NIH Study Suggests Kids Should Be Part of Treatment for Moms Fighting Substance Use

NIH Study Suggests Kids Should Be Part of Treatment for Moms Fighting Substance Use

A Study funded by the National Institutes of Health found that family therapy leads to faster recovery

Mothers in therapy for drug and alcohol use recover faster if their children take part in their treatment sessions, according to a first-of-its-kind study.

An article in Medical News Today noted that researchers found that women who were in family therapy - which included their 8- to 16-year-old children - showed a quicker decline in alcohol, marijuana and cocaine use over 18 months compared to mothers who were in individual therapy.

This is the first study to examine the effectiveness of family therapy for mothers who are substance users, said Natasha Slesnick, lead author of the study and professor of human sciences at The Ohio State University.

"Interpersonal stress, especially within the family, has been shown to be an important factor in drug and alcohol abuse," Slesnick said. "So it makes sense that having mothers and children working together in therapy can help moms with substance use problems do better over time.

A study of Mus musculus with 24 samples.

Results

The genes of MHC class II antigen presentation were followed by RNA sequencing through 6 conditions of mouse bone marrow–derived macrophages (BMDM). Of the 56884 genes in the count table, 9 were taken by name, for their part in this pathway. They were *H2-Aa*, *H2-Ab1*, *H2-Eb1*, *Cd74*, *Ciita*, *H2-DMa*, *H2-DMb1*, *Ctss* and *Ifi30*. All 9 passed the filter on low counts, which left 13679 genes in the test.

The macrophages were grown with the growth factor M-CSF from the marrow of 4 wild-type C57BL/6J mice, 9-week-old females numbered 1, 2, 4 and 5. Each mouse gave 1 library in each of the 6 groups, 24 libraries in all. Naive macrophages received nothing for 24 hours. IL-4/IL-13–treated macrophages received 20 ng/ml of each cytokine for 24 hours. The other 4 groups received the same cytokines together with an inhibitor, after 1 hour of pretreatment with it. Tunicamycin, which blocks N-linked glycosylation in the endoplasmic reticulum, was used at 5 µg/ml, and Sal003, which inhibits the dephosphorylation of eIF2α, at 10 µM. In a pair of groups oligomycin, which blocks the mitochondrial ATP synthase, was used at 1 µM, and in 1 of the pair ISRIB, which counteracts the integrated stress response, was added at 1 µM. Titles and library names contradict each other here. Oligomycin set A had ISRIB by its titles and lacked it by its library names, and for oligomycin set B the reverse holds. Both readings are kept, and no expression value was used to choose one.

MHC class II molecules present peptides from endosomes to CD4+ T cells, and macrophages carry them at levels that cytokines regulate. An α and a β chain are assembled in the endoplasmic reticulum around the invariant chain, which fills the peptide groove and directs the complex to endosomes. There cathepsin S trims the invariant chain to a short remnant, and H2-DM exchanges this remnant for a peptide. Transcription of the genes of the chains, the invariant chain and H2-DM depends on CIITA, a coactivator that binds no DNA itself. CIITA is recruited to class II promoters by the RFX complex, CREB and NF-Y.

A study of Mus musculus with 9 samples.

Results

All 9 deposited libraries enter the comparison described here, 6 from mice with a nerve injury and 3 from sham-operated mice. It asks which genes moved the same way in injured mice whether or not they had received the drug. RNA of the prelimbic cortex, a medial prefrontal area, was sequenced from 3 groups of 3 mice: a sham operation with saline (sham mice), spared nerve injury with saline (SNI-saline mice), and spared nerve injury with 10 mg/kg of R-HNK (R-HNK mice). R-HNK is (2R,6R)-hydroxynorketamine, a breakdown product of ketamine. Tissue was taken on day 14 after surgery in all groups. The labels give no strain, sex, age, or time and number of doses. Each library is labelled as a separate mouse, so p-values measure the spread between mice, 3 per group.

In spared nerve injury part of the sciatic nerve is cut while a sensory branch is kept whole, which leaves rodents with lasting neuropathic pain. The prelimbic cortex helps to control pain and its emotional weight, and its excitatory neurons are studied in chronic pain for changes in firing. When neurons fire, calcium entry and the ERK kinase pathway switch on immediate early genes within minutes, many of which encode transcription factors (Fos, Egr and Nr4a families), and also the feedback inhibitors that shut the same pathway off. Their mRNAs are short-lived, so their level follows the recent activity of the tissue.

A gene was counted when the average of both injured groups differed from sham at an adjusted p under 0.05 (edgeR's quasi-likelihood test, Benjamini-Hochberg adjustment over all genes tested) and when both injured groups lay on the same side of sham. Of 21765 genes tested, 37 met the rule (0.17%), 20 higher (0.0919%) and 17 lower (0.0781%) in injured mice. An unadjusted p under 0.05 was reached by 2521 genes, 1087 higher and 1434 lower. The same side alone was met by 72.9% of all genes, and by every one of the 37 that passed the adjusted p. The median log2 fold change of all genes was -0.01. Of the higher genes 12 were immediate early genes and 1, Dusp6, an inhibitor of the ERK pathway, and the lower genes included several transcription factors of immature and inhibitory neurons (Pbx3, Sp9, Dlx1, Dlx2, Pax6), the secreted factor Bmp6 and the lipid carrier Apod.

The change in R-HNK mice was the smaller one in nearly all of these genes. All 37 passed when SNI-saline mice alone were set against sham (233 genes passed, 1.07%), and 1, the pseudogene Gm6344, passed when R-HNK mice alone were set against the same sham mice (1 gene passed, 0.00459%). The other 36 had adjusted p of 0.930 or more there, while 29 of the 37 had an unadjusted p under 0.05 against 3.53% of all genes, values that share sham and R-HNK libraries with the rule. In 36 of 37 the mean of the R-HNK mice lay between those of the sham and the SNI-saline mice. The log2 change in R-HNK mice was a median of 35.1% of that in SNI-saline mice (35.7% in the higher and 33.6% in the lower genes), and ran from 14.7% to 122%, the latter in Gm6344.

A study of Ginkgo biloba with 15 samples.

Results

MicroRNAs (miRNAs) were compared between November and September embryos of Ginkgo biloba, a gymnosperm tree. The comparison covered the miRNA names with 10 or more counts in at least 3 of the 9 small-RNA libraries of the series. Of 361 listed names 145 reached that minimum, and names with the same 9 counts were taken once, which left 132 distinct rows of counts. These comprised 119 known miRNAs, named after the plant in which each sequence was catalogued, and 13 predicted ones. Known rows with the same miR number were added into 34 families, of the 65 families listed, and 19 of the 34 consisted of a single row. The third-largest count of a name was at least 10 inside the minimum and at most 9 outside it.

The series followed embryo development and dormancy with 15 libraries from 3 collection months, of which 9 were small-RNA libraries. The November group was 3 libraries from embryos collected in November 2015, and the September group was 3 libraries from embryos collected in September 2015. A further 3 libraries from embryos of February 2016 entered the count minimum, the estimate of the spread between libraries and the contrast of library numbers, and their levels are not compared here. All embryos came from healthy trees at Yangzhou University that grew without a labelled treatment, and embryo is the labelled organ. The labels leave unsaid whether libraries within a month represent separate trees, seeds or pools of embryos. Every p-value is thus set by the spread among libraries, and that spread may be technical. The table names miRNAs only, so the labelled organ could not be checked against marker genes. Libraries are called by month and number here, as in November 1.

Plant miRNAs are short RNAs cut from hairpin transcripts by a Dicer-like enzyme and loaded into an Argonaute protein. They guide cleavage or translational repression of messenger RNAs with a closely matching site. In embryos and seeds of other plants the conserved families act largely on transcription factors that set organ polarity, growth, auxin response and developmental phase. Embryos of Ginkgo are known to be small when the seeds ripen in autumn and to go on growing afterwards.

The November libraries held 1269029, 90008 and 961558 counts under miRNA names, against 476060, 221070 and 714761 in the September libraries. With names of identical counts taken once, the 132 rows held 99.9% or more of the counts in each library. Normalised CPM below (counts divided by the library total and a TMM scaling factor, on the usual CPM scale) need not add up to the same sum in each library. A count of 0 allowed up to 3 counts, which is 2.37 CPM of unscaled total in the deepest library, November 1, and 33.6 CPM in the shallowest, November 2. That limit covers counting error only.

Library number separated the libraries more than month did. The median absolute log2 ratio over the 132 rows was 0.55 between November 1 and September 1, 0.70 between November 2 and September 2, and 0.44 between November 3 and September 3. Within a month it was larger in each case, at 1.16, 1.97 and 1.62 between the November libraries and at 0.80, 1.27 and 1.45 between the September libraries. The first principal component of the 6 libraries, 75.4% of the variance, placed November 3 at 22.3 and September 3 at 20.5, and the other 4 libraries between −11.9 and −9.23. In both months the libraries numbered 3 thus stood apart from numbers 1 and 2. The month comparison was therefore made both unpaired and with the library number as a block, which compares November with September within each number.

"Family therapy is not generally part of the treatment options for substance-using mothers, but this study suggests it should be."

Slesnick conducted the study with Jing Zhang, a postdoctoral researcher at Ohio State. The study appears in the current issue of Psychology of Addictive Behaviors.

The study involved 183 mothers who were seeking outpatient treatment and met diagnostic criteria for having an alcohol or drug use disorder. All had at least one biological child aged 8 to 16.

Family therapy is probably more helpful to moms battling most substance use issues than individual therapy because it deals with the family stresses that contribute to drug and alcohol use, she said.

The researchers hoped that assessing differences in the mother-child interaction before and after treatment would help them determine whether changes in these family dynamics were the key to the success of family therapy, but the results did not confirm that link. Slesnick said she still believes the link is there, but that there weren't enough subjects in the study to prove it.

Preliminary data from upcoming studies by the researchers suggests that family therapy is not only good for the mothers - it helps their children's mental health, as well.

Findings were originally posted in Psychology of Addictive Behaviors.

Addiction is a family disease that stresses the family to the breaking point, impacts the stability of the home, the family's unity, mental health, physical health, finances, and overall family dynamics. To learn more, please click here.